The Future of Records and Information Management Is Today

By Jeff Lewis posted 04-25-2014 10:35

  

One of the crucial tasks of records managers is to get the attention of those in the C-suite.  The trouble with that is that the C-suite doesn’t care about records.  To be honest, I don’t care about records either.  When we step back from our worldview and get a bigger picture of the world of information, a record is equivalent to data, it’s just zeroes and ones that we have trained our systems and staffs to treat a certain way.

If we only concern ourselves with what is declared as a record we miss out on the opportunities to leverage the value of information.  If a record is just data, that is zeroes and ones that is read by software a certain way, or interpreted by humans as different than a nonrecord, then we must next ask ourselves the question of what is information and how does a record have informational value. 

Information, in its most basic sense, is that which informs.  Data does not information, but data represented, either as a physical document or electronic document does.  If I have two copies of the exact same document, they both contain the same information, but depending on my policy one could be a record and one could be a non-record.  That document is ultimately information and in an instance of e-discovery it could be a smoking gun costing my company millions.  Therefore, I need to have policies for both the record and non-record so that they are both dispositioned properly.

Let’s continue to look at our twin documents; e-discovery is one instance when the value is on a sliding scale.  Another important factor to consider as well is the data that we associate with it, in other words the metadata.  Time is money and with the proper metadata and management of that information (i.e. document) we can increase the findability and accessibility of that piece of information so that time and money is not wasted trying to find that crucial piece of information when it is needed. 

Before I move on I think it is important to recap:

Data: ones and zeroes that are the underlying foundation for information.  Information without representation in a human readable or machine readable format

Information: That which informs.  This can be anything from a database to an e-mail to a microfiche

Record / Nonrecord: A way that we categorize information and content.  This is a subset of content management which I will discuss in a future blog post. 

Metadata: Data about data. How is this data to be read, where should it be preserved, who should have access, etc.

One last category to look at is knowledge.  Knowledge is information that we know and hopefully that information is data.  If that knowledge is data, in a format that is accessible to others, it is explicit.  If knowledge is not data it is tacit, therefore it is verbally communicated from one person to another, but never formalized or systemized to get the maximum value out of that information across an organization.  Knowledge management is all about knowing what information is business intelligence so that it can be spread to the appropriate parties ensuring everyone is on the same page and in compliance.  This is key to ensuring an organization is a cohesive unit that works smarter instead of harder.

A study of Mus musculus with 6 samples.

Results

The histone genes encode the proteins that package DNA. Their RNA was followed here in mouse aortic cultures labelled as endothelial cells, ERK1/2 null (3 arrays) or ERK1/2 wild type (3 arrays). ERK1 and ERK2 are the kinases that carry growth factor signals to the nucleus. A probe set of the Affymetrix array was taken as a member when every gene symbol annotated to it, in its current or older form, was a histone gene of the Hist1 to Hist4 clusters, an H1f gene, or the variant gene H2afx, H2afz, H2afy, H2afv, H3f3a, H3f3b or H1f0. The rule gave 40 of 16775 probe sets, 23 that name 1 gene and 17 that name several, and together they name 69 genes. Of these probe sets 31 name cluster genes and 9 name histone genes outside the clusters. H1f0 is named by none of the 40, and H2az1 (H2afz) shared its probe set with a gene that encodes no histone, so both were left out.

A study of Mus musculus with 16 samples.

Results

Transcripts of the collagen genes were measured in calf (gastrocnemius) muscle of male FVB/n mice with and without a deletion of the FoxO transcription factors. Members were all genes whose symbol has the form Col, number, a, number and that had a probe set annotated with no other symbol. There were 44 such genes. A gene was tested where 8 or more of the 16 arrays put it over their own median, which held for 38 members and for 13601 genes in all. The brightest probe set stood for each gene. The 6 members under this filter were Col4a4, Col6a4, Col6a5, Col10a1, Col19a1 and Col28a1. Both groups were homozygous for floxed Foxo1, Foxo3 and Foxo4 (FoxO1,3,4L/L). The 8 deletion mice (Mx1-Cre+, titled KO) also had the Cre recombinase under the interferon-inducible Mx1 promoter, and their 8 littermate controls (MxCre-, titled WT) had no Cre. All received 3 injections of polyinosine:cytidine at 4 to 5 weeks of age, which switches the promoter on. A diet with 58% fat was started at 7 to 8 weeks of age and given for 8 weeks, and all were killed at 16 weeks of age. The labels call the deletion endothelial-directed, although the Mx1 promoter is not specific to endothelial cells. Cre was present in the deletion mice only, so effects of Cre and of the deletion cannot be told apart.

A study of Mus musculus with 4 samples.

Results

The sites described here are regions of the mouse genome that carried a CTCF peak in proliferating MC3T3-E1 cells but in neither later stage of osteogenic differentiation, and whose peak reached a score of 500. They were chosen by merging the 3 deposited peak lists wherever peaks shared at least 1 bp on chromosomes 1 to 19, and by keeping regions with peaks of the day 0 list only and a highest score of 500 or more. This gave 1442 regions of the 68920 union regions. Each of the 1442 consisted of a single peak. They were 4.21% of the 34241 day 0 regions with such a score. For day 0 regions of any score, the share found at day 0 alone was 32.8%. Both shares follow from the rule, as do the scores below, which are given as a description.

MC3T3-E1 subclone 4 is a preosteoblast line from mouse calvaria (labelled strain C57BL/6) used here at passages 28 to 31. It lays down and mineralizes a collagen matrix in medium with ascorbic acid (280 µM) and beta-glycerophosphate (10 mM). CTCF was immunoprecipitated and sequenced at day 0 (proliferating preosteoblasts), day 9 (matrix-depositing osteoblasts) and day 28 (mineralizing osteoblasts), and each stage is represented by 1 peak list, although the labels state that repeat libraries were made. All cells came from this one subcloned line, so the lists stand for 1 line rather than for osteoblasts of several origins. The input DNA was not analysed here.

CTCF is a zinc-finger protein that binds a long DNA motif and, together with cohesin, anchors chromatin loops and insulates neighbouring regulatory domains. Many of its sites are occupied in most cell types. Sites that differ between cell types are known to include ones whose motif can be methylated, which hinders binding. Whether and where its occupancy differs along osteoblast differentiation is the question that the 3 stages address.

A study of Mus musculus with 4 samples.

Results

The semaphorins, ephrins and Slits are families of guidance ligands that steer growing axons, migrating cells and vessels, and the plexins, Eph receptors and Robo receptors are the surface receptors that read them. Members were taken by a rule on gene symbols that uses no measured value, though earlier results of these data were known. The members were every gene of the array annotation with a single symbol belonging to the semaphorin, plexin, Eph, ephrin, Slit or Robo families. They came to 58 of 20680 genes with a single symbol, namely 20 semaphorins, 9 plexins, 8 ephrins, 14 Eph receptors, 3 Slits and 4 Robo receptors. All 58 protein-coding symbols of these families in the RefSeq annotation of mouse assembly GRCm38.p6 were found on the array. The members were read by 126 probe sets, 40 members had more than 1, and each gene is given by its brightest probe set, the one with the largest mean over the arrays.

First of all, if you have read this far, thank you.  Secondly, I think it is important to consider if this is a discussion worth having and why. or if it all is just a matter of semantics.  There are at least three groups of people that could potentially be reading this 1)Records Managers (this is probably all semantics to you), 2)Records and Information Managers (discussion worthy topic) and 3)Information Governance Practitioners (discussion worthy topic).  As I said at the top, the broader audience does not care about records, which is why we must see the scope of records as much larger than just creation, use, retention and disposition, especially with how cloud, big data and social are changing the landscape.  

Those working in RIM and IG must be dynamic because the field is dynamic.  Most people who work with big data might not care about records, but the unstructured data they are doing analysis on comes from records and needs to be governed accordingly.  Applying the Generally Acceptable Recordkeeping Principles of availability, compliance and protection is becoming more and more complicated with BYOD being more prevalent in the enterprise.  Cloud and social is completely turning the records lifecycle on its head.  

We can’t stick our heads in the sand and think that these things are the future of the enterprise.  This is the present state of the enterprise and something that we need to be equipping ourselves to tackle right now or else our organization will pay the price, whether it be through lack of efficiency or at the time of litigation.

I don’t like to split hairs in terms of terminology, but I think it is important to understand where RIM and IG fit and how our world will be converging more and more with IT, marketing and other groups in the organization or else we will find ourselves on the precipice of extinction.  How do we avoid extinction, stay tuned as these are topics that I plan to tackle in future blog posts.